North Texas writers

I tout the books of friends and writers I admire here on the blog from time to time, but as good fortune would have it, lately I’ve been getting a lot of news about books from former classmates!

I did my doctorate in English at the University of North Texas, where I had the tremendous good fortune to work with some profoundly talented people. And even though my specialization was fiction writing, one thing I loved about UNT’s program was its insistence on diversity, so I got to sit in classes with a lot of poets and essayists, some of whom became good friends.

This past month, one of those poets, Natalie Giarratano, published her first book, Leaving Clean. That in itself is a huge deal, but even more impressive is that her book won the 2013 Liam Rector First Book Prize in Poetry. It’s already getting rave reviews, and I’m not surprised at all — one reason I gravitated toward the poets I did was because of their talent (I’m in awe of good poetry), and Natalie was one of the best and most serious of the bunch. There’s something so subversive about her ability to make a deeply moving piece of political poetry look at first like a beautiful painting. And she has an almost surgical ability to pinpoint emotional threads and pluck them. She’s a true artist.

But she’s not alone. This week, one of our fellow classmates, the delightful David Shattuck, opens up the pre-ordering for his first book of poetry, Invisible Cities. David was always one of my favorite guys to hang around in grad school — great for drinking beer and cracking inappropriate jokes with in the bar, but equally great for having quiet, serious conversations about love and God and philosophy outside of class in the warm night air. And his poetry always reflected that combination, surprising people with its intellectual resonance — his was always poetry I wanted to read three times in a row, and still I always felt there was something rich lying just under the surface that I needed to get to. And yet it never felt pretentious: David has this wonderful honesty about him that is an essential part of his poetry, and I can’t wait to read his book.

Of course, I went to school to fiction writers, too. In addition to Darin Bradley (who just announced in an interview last week that his brilliant first novel Noise is expanding into a loose thematic trilogy) and the horror writer Eric Grizzle (who is widely anthologized and needs to come out with a full-blown book in a hurry, because I love his stuff), I also briefly overlapped with the novelist Danny M. Hoey, Jr. I’m sad to say I never sat in a class with the guy, but we shook hands over drinks at readings on campus while I was finishing my dissertation and I’ve gotten to know him a little since then. His first novel, The Butterfly Lady, is making waves already, winning the Winter 2013 ForeWard Firsts award and landing Hoey an interview with Lambda Literary.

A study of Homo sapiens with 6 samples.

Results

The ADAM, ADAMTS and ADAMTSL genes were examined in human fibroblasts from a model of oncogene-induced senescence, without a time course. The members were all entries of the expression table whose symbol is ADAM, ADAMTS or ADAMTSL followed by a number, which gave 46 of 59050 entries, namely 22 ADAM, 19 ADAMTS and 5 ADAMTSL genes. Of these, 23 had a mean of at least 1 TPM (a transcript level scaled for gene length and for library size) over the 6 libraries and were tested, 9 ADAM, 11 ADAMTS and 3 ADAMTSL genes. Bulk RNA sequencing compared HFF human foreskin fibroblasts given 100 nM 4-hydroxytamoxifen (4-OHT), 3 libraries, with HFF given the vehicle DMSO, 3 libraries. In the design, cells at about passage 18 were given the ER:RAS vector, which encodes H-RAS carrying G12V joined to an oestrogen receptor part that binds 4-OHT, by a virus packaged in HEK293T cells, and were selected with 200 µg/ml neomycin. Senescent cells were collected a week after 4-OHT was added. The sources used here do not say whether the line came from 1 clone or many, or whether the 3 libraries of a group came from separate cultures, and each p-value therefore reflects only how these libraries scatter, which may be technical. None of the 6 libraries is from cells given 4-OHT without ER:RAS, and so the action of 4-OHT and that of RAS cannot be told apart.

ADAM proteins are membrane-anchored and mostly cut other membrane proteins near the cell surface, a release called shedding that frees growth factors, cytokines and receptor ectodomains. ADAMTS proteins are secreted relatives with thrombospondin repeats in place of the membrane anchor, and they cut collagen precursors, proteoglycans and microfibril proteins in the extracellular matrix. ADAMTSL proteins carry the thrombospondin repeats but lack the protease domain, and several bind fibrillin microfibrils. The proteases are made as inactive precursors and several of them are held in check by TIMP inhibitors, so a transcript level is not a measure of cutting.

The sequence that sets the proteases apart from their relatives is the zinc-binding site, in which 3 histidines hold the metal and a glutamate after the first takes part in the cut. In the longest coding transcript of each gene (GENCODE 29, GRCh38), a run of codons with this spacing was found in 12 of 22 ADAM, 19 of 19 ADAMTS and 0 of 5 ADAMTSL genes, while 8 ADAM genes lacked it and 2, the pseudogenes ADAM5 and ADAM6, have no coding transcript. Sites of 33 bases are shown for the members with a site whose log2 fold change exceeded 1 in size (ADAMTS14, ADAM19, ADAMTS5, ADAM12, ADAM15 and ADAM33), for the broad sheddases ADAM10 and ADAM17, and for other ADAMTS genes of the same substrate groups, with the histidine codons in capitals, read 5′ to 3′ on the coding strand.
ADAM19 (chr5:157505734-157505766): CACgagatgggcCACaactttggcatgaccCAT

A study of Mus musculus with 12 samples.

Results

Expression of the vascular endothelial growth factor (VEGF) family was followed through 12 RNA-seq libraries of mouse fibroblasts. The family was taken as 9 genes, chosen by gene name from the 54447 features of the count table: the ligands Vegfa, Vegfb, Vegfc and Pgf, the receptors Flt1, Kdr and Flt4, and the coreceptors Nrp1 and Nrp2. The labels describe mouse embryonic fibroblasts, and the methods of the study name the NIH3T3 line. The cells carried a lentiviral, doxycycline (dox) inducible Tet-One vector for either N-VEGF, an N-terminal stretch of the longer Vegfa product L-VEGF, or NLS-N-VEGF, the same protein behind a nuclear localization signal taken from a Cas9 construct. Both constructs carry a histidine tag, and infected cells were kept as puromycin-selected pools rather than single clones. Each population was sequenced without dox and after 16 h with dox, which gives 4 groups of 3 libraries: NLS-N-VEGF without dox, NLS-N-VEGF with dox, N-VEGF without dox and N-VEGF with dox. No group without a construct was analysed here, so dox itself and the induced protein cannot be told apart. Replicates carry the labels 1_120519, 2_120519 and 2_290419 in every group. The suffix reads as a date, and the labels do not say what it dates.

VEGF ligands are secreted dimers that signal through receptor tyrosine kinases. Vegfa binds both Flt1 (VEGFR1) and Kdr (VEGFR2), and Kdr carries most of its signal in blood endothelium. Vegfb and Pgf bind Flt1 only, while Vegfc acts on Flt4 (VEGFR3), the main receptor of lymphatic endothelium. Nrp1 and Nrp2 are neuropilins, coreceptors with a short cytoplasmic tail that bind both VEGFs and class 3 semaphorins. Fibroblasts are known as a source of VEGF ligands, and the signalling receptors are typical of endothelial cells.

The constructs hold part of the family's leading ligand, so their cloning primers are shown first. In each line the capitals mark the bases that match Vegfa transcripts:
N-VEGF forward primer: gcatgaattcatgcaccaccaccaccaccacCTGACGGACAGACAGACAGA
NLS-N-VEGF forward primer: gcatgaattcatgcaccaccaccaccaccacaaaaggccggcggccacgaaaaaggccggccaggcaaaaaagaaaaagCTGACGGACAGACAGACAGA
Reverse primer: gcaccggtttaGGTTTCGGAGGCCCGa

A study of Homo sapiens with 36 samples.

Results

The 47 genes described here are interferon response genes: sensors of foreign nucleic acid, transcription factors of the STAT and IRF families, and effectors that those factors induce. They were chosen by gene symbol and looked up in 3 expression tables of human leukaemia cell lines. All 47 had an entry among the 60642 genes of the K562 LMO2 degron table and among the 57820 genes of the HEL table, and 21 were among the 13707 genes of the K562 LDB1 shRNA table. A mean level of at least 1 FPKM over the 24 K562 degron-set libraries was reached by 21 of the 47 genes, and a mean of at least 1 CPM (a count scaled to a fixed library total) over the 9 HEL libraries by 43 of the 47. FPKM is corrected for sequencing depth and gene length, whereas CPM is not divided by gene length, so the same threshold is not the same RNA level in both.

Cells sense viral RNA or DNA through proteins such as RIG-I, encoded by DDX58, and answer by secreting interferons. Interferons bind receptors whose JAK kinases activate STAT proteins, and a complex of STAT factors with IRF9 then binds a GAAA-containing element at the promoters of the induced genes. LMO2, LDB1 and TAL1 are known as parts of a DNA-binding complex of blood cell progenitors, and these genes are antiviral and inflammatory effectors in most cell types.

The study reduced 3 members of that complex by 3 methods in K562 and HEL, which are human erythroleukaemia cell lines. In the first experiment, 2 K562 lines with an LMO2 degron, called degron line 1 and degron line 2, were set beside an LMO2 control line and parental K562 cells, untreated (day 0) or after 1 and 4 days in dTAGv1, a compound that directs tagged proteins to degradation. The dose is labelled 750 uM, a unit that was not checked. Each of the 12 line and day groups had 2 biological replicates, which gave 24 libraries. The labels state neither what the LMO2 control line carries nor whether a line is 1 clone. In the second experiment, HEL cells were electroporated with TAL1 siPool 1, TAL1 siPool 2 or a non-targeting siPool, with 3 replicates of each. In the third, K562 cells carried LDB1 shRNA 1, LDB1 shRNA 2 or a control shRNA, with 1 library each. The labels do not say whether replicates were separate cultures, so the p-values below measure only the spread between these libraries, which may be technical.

And there were scholars, too. Granted, the creative writers rarely crossed paths with the literature scholars outside of classes, but I ran into a few, like Darin Bradley and, briefly, David Gillota. Fortunately, David and I met up again in Wisconsin, where he and his wife Amanda Tucker were both teaching in the same English department I was. (Small world!) At the time, he was working on a scholarly book about ethnic humor, initially in American fiction but, at the time, he was rapidly expanding the study into other areas of popular culture. The result is his first book, Ethnic Humor in Multiethnic America, by all accounts both a witty and a wryly brilliant look at American culture, American humor, and issues of race and identity in pop culture from comedy sketch shows to children’s animation to novels. . . . It’s such an effective first book of scholarship that it’s already got a plug in the Chronicle of Higher Education.

And these were just the people I was lucky enough to meet in my days on campus. Since then I’ve found online Gwendolyn Edward, who is a current grad student at UNT whose work has appeared in Jersey Devil Press and who runs her own magazine, Deimos eZine. And there’s Matthew Burnside, whom I also met online when JDP published him and has since become one of my favorite writers. (Matthew has a new chapbook out, too: Infinity’s Jukebox, out now from Passenger Side Books.)

And there are the people I loved working with from whom I keep waiting to see books: the poets Brianna Pike and Michael Levan; the fiction writers Andrew Mortazavi and Amos Magliocco; the essayist Kristen Keckler; the scholars Laura Thomason and Rima Abunasser. . . .

Seriously, publishers, if you’re looking for great books to put out there in the universe, start with the alumni from UNT’s graduate programs in English. If only to fill my bookshelves.

Published by Samuel Snoek-Brown

I write fiction and teach college writing and literature. I'm the author of the story collection There Is No Other Way to Worship Them, the novel Hagridden, and the flash fiction chapbooks Box Cutters and Where There Is Ruin.